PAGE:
Now a leading mental health charity is targeting such areas to ensure those who are suffering know where to get help.
The Scottish Association for Mental Health (SAMH) is taking its Know Where to Go campaign to Moray, the Highlands, the Borders and the Western Isles to help those suffering in silence.
It is believed one in four people in Scotland will experience mental health problems in any given year and more than 800,000 people would not know where to seek help if they had concerns about their mental health.
For those in remote areas the problems can be logistical, such as getting to a hospital-based service with limited transport options and long distances.
They can also be social, as it can be harder to seek help for a mental health problem in a small community where most people know each other.
According to SAMH, research has found isolation from social networks and support services, combined with an exaggerated culture of self-reliance, may contribute to stress, anxiety and depression in rural areas.
In 2011, the suicide rate for males in Scotland was almost three times that for females, and was a leading cause of mortality in those under 35.
Historically the Highlands has a particular problem with suicide. Although rates are falling, research indicates people's mental health and wellbeing suffers and suicide rates increase in times of economic hardship.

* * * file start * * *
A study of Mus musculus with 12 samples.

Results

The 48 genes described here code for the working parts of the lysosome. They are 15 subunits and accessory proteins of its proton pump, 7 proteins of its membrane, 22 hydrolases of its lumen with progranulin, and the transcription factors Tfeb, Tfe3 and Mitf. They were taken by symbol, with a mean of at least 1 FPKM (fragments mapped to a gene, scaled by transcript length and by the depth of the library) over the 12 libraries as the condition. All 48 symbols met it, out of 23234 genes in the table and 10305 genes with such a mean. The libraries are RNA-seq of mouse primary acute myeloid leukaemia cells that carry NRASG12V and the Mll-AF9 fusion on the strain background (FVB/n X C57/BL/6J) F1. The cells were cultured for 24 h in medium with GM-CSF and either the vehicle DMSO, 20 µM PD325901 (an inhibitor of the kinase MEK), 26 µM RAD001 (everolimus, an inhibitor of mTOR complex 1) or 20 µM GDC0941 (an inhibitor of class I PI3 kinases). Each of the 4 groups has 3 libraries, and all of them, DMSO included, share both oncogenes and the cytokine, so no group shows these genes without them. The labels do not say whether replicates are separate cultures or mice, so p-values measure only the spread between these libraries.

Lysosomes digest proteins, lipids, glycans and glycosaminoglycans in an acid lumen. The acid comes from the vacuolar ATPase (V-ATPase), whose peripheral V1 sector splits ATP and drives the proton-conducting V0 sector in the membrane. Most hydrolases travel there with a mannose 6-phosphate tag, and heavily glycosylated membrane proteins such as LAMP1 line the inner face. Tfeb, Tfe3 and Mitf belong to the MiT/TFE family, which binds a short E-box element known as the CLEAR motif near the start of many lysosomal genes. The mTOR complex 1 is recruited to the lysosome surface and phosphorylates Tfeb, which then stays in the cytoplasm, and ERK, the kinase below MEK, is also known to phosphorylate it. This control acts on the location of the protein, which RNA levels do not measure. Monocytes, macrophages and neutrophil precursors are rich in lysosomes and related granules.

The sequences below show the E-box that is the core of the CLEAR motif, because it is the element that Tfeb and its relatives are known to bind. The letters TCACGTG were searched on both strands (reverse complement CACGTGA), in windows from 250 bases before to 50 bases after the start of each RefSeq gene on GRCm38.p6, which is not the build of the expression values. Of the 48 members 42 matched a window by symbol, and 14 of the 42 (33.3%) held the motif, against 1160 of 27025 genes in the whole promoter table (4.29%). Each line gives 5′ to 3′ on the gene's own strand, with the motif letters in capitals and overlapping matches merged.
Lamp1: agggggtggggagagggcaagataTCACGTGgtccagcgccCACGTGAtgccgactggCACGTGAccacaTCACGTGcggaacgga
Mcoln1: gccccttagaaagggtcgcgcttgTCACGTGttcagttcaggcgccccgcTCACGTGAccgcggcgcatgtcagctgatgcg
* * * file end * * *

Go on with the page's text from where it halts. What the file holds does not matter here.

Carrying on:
Singer-songwriter Maria Hall, who has also owned various businesses, has suffered mental health problems including mild bipolar disorder and chronic depression.
She said: "At one of my lowest points I was living in a very remote area, I had no family and friends around me, I honestly had nowhere to go.
"Someone gave me a card with a number on it for an emergency phone line, and I cannot describe the intense relief I felt at knowing there was somewhere I could turn, a safety net. I never actually used it, but just knowing I could gave me a lot of comfort.
"In my experience it's very easy to slip into deep depression, particularly in a remote place.
"It's easy to become reclusive. And most drop-in centres and information services are based in the cities, which doesn't help those based in rural Scotland.
"We need more information made available in these areas."
Technology is one way of addressing the problem, particularly as households in rural areas are more likely to have home internet access than those in the rest of Scotland.
Many organisations provide phone and email based services, giving both easy access and anonymity. The internet provides an opportunity for people to connect with others who have had similar experiences.
The Know Where to Go roadshow starts today on The Plainstones in Elgin and in Elgin library, where SAMH will be hosting an information centre.
Carolyn Roberts, head of policy and campaigns at SAMH, said: "If you don't live near a service, or you can only get an appointment at a time when the local bus service isn't running, it can be really hard to get help for a mental health problem."
Tracy Grant, SAMH service manager based in Moray, said, "Living and working in Moray has many advantages, but the mental health services have traditionally been very centralised.
"Working with Moray Council, SAMH has set up social inclusion groups in outlying areas so that people who can't get to a central service still have somewhere to go for help."